Stones, freeway, and tourist trap

Note: This post is an attempt on my part to consolidate past travel journals into this blog. This particular trip around Western Europe was taken in 2005. To read the complete series of post from this trip: Western Europe Summer

The Underground, London
The Underground, London

We’re back in London after spending last night in Amesbury, a tiny, eetsy, bitsy town, 2 miles from Stonehenge. We arranged a viewing with UK Heritage so we got to get up close and personal with the stones unlike most people who have to stand behind the rope, a respectable 20 feet away.

Our Stonehenge Adventure

From the freeway, relative to the green, hilly expanse around it, they look a little out of place and unimposing, like a pile of rubbles from an unfinished construction site.

Up close, they’re huge, impressive and they made you wonder what these people were thinking of when they were hauling these chunks of stones from hundreds of miles away. Why the location? Why the particular shapes? Why those stones?

After viewing the stones and taking dozens of photographs, we decided to walk back to our B&B. It turned out to be quite a thrill. The footpath next to the freeway only lasted about 50 m or so and we had to continue the 2 mile walk, right next to the cars on the freeway. Everytime a truck passed by, the wind would knock me a little out of a balance. Made you realise how fast and deadly a car can be going at 70 mph. My left shoulder started to develop a permanent, painful kink from the camera bag. Yeah, it was too much fun, really.

Stonehenge up close and personal
Stonehenge up close and personal

But we managed to get back to our B&B, frazzled, grimy and sweaty, but alive. After a good, hearty breakfast our spirits were back up again. At first we were going to check out Salisbury Cathedral, but it was raining, cold and both of my shoulders started to hurt so I wasn’t in the mood for sightseeing and getting lost in a new city.

Back to grimy, rainy London

We bussed back to good, ole, London with all its grimes, chaos, and rude and shady people, everything you expect from of a busy, metropolitan city.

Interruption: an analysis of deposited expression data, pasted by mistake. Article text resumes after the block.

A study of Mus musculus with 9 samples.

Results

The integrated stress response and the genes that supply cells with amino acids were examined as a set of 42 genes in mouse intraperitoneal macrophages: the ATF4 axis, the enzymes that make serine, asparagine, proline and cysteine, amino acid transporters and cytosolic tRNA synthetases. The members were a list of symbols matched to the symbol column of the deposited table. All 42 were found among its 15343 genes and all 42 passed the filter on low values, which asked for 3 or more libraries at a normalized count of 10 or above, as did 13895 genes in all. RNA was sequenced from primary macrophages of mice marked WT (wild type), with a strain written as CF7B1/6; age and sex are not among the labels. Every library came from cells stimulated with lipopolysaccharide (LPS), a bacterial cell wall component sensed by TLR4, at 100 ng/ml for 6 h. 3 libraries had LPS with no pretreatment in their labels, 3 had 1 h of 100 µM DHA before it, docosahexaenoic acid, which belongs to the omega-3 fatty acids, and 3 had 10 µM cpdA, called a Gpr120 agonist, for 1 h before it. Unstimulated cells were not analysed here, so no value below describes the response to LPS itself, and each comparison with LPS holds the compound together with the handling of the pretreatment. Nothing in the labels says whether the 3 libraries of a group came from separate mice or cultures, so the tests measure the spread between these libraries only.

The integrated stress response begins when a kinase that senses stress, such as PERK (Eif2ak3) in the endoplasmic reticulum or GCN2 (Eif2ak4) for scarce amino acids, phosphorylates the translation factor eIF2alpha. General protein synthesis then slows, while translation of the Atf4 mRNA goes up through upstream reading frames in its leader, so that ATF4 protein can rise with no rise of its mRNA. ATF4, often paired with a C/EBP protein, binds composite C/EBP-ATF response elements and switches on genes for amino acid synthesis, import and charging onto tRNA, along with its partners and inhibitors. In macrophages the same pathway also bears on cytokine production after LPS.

London didn’t impress me much. The National Gallery is great, the museums are top rate, but the people seem indifferent, and a lot of the buildings are run down and dirty. There’s not such as thing as random act of kindness or smile. I’ve seen people struggling with their suitcases on the stairways in tube stations, old people, girls, little kids with their parents, I’ve never seen anybody stopped to offer help. They all acted like they didn’t exist, walking past and around them as if they were just obstacles blocking their way. I was amazed. Maybe they’re just sick of tourists.

After we got back to London, we continue sightseeing, you know, the usual places: Covent Garden (everybody warned us it’s a tourist trap, we just had to see it for ourselves), Tate Modern (not to my taste, but recommended. It makes you feel saner than you ever thought you could be), Piccadilly Circus with its crowds, and in a burst of spontaneity we ended the night watching The Phantom of the Opera at Her Majesty’s Theatre. We got the tickets from these kids that were touting them outside the theatre for £9 each, not bad. The show itself was really impressive, even though it was the second time I’ve seen it.

How Jack Tried To Get in The Abbey for Free (and failed)

Today, we started the day in Westminster Abbey. For £6 admission fee, we expected more than tombs after tombs of dead people however impressive the tombs are. Photography isn’t even allowed but we managed to sneak a couple of pictures. Those stupid enough to use flash got caught and were yelled at (literally). I actually had more fun trying to take pictures without getting caught than the sightseeing itself.

Ceiling of Westminster Abbey
Ceiling of Westminster Abbey
Colorful Notthing Hill
Colorful Notthing Hill

Jack and Tom (a guy we met at the hostel) tried to get in for free by pretending that they were going to pray, lol, but the plan backfired. They were ushered into a small room, separated from the rest of the church by glass walls and while they (and other cheap tourists who tried to do the same) were there, they were closely watched so they wouldn’t sneak out and join the throng of paying tourists.

In summary this is what we did after: Victoria and Prince Albert Museum, really cool. I might be the only one that enjoyed it though. Hyde Park, and Notting Hill (Portobello Market) which is where we’re at right now. We found the cheapest internet café so far, £1 for 75 mins!

Anyway, tonight we’ll be off for Edinburgh. I’m really excited. We’re booked for a 3 day tour in Skye, Scotland and it’ll be a nice break from the continual getting lost that we’re so good at.